In the early 1800s, a series of earthquakes occurring over a three-month period made the Mississippi River flow backwards — temporarily — and rang church bells 1,000 miles away in Boston!
The New Madrid Fault, which is approximately 150 miles south of St. Louis, has experienced a series of tremors that registered larger than a magnitude 8 on the Richter Scale. According to the Missouri State Emergency Management Agency (SEMA), the New Madrid Fault poses the highest earthquake risk in the United States, outside of the West Coast. The U.S. Geological Survey estimates there is a 25 percent to 40 percent chance that the fault could generate an earthquake of a magnitude 6 or greater within any 50-year period. SEMA projects that a quake of that size could inflict severe damage on older and poorly built structures, cause masonry buildings to shift or even collapse, cause widespread power outages — and even damage buildings, bridges and other structures specifically designed to withstand earthquakes.
About 5,000 earthquakes are felt in the United States each year. Since 1900 earthquakes have occurred in 39 states and caused damage in all 50. 2 Like floods, earthquakes can cause catastrophic damage and may also set off landslides, avalanches, flash floods and tsunamis.
One of the worst catastrophes in U.S. history was the San Francisco earthquake of 1906. It was caused by the movement of the San Andreas fault, which extends 600 miles along the California coast. According to the National Geophysical Center, the quake caused direct quake losses of about $24 million and fire losses of about $500 million. Those figures would translate into total damages of $96 billion today.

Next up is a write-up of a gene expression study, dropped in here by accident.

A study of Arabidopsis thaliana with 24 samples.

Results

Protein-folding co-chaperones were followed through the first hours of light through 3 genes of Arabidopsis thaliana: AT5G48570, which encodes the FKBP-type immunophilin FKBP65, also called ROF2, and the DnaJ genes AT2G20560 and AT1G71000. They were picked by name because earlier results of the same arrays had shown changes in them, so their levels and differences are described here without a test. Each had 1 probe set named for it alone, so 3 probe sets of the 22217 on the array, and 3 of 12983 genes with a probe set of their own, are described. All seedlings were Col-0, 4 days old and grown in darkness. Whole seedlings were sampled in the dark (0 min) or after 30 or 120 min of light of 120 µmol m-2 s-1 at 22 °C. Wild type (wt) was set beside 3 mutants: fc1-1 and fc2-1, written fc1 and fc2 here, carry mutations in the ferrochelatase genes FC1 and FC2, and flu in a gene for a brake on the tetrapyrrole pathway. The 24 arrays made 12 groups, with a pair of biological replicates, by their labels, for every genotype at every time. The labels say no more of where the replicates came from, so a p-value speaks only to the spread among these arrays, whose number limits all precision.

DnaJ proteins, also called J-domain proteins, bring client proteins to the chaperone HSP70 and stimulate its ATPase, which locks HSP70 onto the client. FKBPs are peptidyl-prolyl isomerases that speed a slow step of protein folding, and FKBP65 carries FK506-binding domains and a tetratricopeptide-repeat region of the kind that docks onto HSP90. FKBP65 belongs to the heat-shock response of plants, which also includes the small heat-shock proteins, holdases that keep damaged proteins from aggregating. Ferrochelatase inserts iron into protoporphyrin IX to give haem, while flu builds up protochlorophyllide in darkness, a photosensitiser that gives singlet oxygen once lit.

More recently, the Northridge earthquake, which struck Southern California in January 1994, was the most costly quake in U.S. history, causing an estimated $20 billion in total property damage. Not only has California experienced the most damaging earthquakes, it continues to have the greatest exposure to damage from quakes. Alaska, however, has had the most major earthquakes of any state — and the most violent quakes have occurred in the central United States.
While the risk is not nearly as high as in the West, the East Coast and Northeast are seismically active and also vulnerable to earthquakes. A quake estimated to have been 7.5 in magnitude struck Charleston, South Carolina in 1886, killing more than 60 people. A 6.0 quake hit Boston in 1755 and a 5.8 earthquake struck northern New York State in 1944. Experts believe that a quake of between 6.5 and 7.5 remains possible in the Northeast.
Earthquakes can have a devastating impact on property owners because losses from them are not covered under standard homeowners or commercial insurance polices. Coverage is usually available for earthquake damage in the form of an endorsement to a home or commercial policy (see adjoining main article “Earthquake Insurance —What’s Your Exposure?” in this issue of Adjusting Today ). Interestingly, automobiles are covered for earthquake damage under the “Comprehensive (Other than Collision)” part of the auto policy. Ostensibly this is because the exposure is small compared to the catastrophic exposure to damage that could occur to buildings and contents, and might be sustained in a business interruption loss.